The system tracks when and how well staff members wash their hands, using RFID readers incorporated in wristbands, as well as passive tags attached to soap dispensers, medical materials and staff ID badges.
By Claire Swedberg
Apr 01, 2013

Hand-hygiene compliance technology startup IntelligentM has developed a solution that employs radio frequency identification readers built into wristbands to identify tags on soap dispensers, intravenous (IV) solution packaging, surgical drains and ID badges, thereby alerting users if they fail to wash their hands, or need to do so more thoroughly. The system also collects data for business analytics, and shares that information with a hospital's management and staff every week. A medical facility in Sarasota, Fla., has been testing a prototype of the solution since December 2012, the company reports, and several other Florida hospitals are expect to begin using a commercial version as well, during the coming months.

The IntelligentM system's founders sought to provide a hand-hygiene compliance solution that would be easy to install and would not disrupt the hospital's existing infrastructure or IT network, says Seth Freedman, IntelligentM's president and cofounder. RFID readers installed at hand-washing stations typically must be wired, he explains, and are expensive. For that reason, Freedman's company opted to design a system whereby users would wear wristbands incorporating very small readers that would interrogate passive RFID tags installed on sinks, disinfectant dispensers and other objects. The wristband reader can issue real-time alerts to a wearer, and also store the details of each RFID read event. A user can then upload that data to IntelligentM's server when his or her wristband is recharged at the end of the shift. IntelligentM provides the data with some analytics to its clients via a Web-based dashboard, and sends weekly hand-hygiene "report cards" to employees.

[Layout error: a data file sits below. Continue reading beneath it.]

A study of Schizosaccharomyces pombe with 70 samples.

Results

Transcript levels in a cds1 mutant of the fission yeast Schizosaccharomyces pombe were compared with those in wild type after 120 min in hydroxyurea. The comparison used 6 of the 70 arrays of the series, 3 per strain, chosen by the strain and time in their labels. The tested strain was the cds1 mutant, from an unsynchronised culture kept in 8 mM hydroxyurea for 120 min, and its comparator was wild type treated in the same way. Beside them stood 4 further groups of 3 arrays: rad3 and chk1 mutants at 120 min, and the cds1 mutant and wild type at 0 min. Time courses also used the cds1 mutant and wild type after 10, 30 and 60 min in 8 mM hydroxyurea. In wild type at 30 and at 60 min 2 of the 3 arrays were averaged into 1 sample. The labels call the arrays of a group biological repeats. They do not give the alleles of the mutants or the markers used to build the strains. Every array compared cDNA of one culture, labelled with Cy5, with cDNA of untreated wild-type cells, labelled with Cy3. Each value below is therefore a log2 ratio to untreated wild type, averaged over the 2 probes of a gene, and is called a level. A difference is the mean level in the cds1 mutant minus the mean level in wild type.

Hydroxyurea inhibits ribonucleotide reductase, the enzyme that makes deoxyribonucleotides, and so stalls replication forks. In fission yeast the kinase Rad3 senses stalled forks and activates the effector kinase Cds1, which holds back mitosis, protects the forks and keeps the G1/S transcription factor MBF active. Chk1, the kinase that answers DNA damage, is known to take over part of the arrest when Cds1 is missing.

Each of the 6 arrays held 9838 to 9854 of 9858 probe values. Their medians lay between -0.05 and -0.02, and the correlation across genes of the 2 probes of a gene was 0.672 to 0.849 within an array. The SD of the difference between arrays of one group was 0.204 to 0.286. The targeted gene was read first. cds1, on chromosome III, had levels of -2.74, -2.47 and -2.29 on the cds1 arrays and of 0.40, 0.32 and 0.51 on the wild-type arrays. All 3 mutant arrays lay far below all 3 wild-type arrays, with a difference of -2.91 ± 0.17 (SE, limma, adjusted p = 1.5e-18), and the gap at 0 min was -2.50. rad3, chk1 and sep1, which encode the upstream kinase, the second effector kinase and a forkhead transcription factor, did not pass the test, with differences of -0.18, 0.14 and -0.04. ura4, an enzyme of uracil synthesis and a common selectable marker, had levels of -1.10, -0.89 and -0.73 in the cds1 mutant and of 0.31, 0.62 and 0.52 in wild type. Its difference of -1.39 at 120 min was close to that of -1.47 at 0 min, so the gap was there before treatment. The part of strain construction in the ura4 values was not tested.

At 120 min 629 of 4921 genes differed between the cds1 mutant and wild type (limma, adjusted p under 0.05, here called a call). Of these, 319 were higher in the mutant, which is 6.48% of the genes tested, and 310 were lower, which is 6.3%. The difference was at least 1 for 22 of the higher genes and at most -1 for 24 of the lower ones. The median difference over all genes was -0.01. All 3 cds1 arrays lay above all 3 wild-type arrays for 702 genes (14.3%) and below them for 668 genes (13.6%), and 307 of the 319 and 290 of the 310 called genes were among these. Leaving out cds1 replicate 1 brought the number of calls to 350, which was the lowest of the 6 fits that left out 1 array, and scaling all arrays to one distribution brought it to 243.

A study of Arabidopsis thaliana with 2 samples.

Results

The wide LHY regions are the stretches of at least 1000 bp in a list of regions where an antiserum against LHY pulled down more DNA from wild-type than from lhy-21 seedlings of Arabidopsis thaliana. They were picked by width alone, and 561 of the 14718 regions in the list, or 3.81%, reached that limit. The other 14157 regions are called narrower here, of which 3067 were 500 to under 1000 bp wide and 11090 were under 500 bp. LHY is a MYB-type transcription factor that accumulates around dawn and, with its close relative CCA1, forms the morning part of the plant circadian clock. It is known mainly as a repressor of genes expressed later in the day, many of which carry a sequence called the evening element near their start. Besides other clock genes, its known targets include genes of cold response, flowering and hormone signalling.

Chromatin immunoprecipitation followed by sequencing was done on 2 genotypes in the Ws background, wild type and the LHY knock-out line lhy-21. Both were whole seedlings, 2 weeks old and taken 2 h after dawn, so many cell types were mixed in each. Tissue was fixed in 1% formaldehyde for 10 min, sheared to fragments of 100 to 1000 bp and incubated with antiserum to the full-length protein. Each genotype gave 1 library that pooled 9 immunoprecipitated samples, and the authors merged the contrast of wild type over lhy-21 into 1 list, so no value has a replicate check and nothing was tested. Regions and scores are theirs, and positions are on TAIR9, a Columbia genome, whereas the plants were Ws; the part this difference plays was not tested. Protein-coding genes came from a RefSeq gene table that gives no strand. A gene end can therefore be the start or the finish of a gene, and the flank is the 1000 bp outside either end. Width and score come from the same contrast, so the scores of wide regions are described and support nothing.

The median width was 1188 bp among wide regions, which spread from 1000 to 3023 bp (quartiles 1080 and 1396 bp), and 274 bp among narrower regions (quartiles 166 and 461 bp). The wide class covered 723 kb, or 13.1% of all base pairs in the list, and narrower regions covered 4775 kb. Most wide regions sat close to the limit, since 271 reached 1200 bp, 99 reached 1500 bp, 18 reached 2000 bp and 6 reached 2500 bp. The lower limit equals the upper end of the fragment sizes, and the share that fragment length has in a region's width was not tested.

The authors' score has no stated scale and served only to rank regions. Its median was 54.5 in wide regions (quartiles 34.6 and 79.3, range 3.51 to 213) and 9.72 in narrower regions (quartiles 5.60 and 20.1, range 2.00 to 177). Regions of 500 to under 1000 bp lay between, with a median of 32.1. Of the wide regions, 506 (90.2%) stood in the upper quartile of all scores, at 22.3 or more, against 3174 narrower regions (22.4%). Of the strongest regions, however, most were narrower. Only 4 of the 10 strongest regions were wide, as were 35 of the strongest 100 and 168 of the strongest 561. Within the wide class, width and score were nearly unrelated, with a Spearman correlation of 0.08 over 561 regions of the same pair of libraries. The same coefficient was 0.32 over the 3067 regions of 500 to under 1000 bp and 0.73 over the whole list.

The IntelligentM wristband contains an HF RFID reader and motion sensors to measure hand-hygiene compliance, as well as a vibrator to send alerts to the wearer.

Approximately two years ago, the new company began interviewing epidemiologists and infection-control specialists, and thus identified the functions most necessary when it came to hand-hygiene compliance technology. In developing the solution, Freedman says, the firm wanted to be able to provide alerts that would lead to corrective action being taken before a patient was exposed to potentially infectious materials, as well as report data regarding each health-care worker's compliance.

The wristband comes with a built-in high-frequency (HF) 13.56 MHz RFID reader complying with the ISO 14443 standard, as well as a motion sensor and a rechargeable battery. The wristband's urethane exterior is blended with a silver ion material that makes its exterior surface antimicrobial. The wristband is designed to be small enough so as not to be cumbersome to users who may also be wearing and removing rubber gloves.

Typically, an IntelligentM RFID tag would be attached to a nurse's employee ID badge. The company's server software would store that individual's identity, along with the ID number on her badge tag. Upon picking up a wristband from the charger at the beginning of each shift, the nurse would hold the wristband next to her badge tag, and the wristband would store that ID, thereby indicating who was using it. If the nurse forgets to link her own badge ID with the wristband, the reader vibrates three times, reminding her to do so.